Well, that was harder than it needed to be...
My inclination is to say it's because of the way the game's programmed, but it's probably just as fair to say that I suck at it. After all, if memory serves, I have admitted to being horrible at button-mashing games. That's one of the bigger reasons why I took a liking to RPGs over platformers and fighting games once I started playing them.
I know for sure there's at least one sequence kind of like this in Square's SNES title Crono Trigger, where Crono has to win a soup-eating contest with a future party member in order to get an item required to advance the plot. At least in CT, the game will just let you have the item after a half-dozen tries, saying that the hero wins for staying in the contest long enough.
In this case, though, we're required to just keep trying until Laguna knocks the Ruby Dragon out because he was too dumb to run the hell away with the director and co-star. It wouldn't have been so bad if this part of the game didn't seem so cheap. Not only can the dragon take out Laguna in three hits, at most, while Laguna needs at least nine to do in the dragon, the game's programmed in such a way that Laguna seems like he's really not much better with that sword than I am with my shotgun when I'm hunting. At least I can claim that my reflexes are on the slow side even on a good day. Half or two-thirds of the time, hitting the attack button just leaves Laguna standing there, posing with his sword, acting like that'll be enough to scare the dragon into submission when it's really just going to bite him and take his health meter down by a third. At least the defense button can just be held down to work, which really comes in handy.
I don't know how many tries it took me to finish that part of the fight. If I'd realized that it really was going to be that much of a pain in the ass, I might have tried to count, just so I'd know. But hey, at least I beat the damed thing finally, and Laguna manages to run away. Kiros shows up a moment later to toss him his gun and join the fight against what I'm assuming is the same red dragon, though there's an implication that there's actually more than one around where this movie scene is being shot.
When Laguna and Kiros kill their red dragon in a normal fight sequence and escape, Squall tries to wake back up in the game's present day, but Ellone breaks in and says she needs to keep him as Laguna for a little while longer. Her reasoning is that she wants to make Laguna go back to Winhill so he can be with Raine, who's going to die from complications of having a second child. Instead, we see Laguna at the orphanage, talking to Edea about some missing kid, presumably Ellone. When Laguna and Edea talk about how they think the Eshtar military took Ellone because they think she's the new Sorceress, Squall wakes up and somehow connects wanting to hear Rinoa's voice again to talking to Edea about where the White SeeD Ship is because they'd been dumb enough to put her on it in the course of Disk Two.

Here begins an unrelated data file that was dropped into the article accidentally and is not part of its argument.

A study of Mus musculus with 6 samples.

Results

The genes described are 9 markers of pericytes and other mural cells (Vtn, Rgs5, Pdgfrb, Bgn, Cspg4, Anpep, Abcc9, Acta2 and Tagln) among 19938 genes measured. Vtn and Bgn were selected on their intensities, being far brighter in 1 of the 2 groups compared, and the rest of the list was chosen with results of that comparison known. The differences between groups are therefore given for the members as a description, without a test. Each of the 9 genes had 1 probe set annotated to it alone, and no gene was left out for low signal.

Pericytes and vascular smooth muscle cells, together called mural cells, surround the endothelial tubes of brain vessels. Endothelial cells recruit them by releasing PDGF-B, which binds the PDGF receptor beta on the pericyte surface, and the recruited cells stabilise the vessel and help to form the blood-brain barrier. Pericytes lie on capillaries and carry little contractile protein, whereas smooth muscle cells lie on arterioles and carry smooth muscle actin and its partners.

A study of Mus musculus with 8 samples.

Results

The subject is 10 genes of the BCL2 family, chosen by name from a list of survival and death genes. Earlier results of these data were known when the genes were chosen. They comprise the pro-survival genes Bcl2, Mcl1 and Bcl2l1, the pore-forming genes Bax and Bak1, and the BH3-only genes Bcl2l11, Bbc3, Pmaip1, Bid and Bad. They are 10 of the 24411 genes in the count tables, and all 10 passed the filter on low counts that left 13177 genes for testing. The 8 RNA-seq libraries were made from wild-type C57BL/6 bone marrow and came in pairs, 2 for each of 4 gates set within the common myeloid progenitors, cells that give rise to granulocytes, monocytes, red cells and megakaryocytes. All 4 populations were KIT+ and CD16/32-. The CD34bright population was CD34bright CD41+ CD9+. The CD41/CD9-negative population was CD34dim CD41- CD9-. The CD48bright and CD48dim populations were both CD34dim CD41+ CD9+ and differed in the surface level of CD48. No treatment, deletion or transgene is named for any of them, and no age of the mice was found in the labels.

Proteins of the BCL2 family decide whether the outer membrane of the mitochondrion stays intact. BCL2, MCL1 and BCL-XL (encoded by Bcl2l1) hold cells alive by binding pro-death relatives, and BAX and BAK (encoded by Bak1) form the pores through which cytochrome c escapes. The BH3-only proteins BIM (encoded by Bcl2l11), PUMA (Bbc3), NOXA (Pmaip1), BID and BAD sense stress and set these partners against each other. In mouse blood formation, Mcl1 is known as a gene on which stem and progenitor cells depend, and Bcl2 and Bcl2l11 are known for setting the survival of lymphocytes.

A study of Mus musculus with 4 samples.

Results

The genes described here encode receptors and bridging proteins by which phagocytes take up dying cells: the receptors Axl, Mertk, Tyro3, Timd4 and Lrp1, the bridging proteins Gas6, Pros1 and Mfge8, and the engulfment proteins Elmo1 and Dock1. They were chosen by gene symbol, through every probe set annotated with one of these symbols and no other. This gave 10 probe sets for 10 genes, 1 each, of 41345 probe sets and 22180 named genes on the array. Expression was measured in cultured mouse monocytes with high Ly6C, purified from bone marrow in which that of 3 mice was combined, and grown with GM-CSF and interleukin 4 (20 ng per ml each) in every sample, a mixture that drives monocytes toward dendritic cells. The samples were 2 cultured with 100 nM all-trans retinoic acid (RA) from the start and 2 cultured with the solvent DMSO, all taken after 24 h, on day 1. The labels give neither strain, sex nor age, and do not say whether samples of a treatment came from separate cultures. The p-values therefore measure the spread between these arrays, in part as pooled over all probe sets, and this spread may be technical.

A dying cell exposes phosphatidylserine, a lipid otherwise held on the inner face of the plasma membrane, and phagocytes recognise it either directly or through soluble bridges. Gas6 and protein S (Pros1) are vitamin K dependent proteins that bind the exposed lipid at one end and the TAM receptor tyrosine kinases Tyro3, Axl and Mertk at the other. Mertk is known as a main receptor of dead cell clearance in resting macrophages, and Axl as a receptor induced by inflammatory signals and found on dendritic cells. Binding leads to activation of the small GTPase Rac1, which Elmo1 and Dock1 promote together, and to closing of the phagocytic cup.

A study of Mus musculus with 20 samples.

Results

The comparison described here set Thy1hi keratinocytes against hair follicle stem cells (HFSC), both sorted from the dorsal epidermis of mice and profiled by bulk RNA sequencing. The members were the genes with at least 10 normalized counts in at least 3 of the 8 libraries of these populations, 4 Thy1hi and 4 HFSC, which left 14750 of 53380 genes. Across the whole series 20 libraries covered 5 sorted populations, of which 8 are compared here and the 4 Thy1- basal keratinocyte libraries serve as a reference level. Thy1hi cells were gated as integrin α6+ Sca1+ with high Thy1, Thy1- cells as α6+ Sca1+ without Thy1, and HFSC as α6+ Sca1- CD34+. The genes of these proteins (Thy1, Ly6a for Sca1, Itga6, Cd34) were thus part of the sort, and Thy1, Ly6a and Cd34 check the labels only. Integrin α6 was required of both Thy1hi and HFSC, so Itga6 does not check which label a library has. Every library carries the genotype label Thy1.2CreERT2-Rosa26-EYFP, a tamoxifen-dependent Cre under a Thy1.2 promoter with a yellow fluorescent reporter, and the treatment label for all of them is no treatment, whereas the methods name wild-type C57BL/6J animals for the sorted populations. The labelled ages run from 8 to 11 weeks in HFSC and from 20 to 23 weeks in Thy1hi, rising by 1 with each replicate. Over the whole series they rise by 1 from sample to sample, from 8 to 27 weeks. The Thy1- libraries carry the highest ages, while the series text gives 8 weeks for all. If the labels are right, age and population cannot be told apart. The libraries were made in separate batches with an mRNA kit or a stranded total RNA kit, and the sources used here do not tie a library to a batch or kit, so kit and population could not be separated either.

Yeah, there's a heavy time-travel element to the plot of this game. Ellone telepathically tells Squall that she just learned the hard way that they can't change the past and then fades back to wherever it is she's at right now. Squall calls out to Ellone, begging her to send him back the couple days or however long it's been since their fight with Edea so he can keep Rinoa from going into her coma. How exactly that's going to work, I don't know, but I guess that finding Ellone is the key to that. How Squall expects Edea to have the scoop on Ellone's whereabouts is beyond me. From what I can tell, the connection between the White SeeDs and Edea was broken when Squall and the others knocked the Sorceress out of her, but maybe that's just me making stupid guesses. These are things we'll have to find out next time, though, because this part of the game caused me enough confusion that I wanted to get it written about before I gave myself too much to remember.
The thing I'm wondering about this time is just why the hell Laguna and Kiros are running around and out of money anyway. I mean, yeah, they weren't exactly the most popular guys in Winhill while they were there, but at least they had something like steady jobs while they were there. One would have thought that there'd have been some compromise that allowed them to stay and defend the town while until enough of the local militia had come back and healed up from the war to take over. And what the hell happened to that travel writer thing Laguna wanted to do when he got out of the military? I know first hand that things don't always go as planned, but since he's on the road anyway, and one would think they've got the ability to file reports remotely, I must wonder why there's nobody willing to give him a couple hundred gold per article for that.
Anyway, I'm hoping some of this confusion will get sorted out before too much longer. Or that I at least get more things posted. I can't believe I went almost two whole weeks without posting anything, video game related or not. Kinda gotta work on that again, I think.